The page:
South Carolina landowners learn fire techniques
Document Type: Journal Article
Publication Year: 2005

Cataloging Information

  • Colinus virginianus
  • coniferous forests
  • education
  • fire dependent species
  • fire hazard reduction
  • fire management
  • forest management
  • game birds
  • herbicides
  • land management
  • Native Americans
  • Picoides borealis
  • public information
  • South Carolina
  • threatened and endangered species (animals)
  • wildlife
  • wildlife habitat management
Record Maintained By:
Record Last Modified: June 1, 2018
FRAMES Record Number: 44961
Tall Timbers Record Number: 20407
TTRS Location Status: In-file
TTRS Call Number: Journals-C
TTRS Abstract Status: Okay, Fair use, Reproduced by permission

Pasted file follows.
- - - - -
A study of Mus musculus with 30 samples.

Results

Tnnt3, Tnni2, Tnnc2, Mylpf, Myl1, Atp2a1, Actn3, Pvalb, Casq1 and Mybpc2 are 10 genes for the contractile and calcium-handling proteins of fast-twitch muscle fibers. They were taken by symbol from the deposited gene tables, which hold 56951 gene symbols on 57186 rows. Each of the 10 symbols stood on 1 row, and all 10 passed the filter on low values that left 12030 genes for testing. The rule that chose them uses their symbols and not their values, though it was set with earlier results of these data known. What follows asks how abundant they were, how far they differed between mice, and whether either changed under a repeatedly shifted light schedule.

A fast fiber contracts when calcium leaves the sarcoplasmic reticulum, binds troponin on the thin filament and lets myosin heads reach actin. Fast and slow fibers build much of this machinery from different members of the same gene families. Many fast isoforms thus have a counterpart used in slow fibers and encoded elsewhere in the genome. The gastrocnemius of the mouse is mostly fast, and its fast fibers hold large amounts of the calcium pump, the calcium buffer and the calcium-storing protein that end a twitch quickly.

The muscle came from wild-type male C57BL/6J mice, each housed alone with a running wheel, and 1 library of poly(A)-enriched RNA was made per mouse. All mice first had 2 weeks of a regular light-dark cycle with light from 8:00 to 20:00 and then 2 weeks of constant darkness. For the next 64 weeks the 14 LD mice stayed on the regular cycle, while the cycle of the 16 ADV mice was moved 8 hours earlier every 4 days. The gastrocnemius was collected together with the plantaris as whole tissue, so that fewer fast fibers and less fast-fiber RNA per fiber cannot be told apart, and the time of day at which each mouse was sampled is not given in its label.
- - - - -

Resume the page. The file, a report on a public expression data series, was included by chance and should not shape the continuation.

This bibliographic record was either created or modified by the Tall Timbers Research Station and Land Conservancy and is provided without charge to promote research and education in Fire Ecology. The E.V. Komarek Fire Ecology Database is the intellectual property of the Tall Timbers Research Station and Land Conservancy.


From the text (p.8) ... ''The use of fire is a traditional land management tool,' said Johnny Stowe, chair-elect of the council and DNR wildlife biologist and forester. 'Fire has shaped our state's ecosystems, culture and heritage for thousands of years. It is truly a multi-cultural phenomenon. Native Americans burned the land and the Africans and Europeans brought with them, from the Old World, a tradition of using fire to manage land. In more recent times, when the rest of the nation realized the benefits of prescribed fire, then came to the South to learn how to properly handle it.'' © 2005 Covey Rise.

South Carolina landowners learn fire techniques. 2005. v. 2, no. 10, p. 7-8.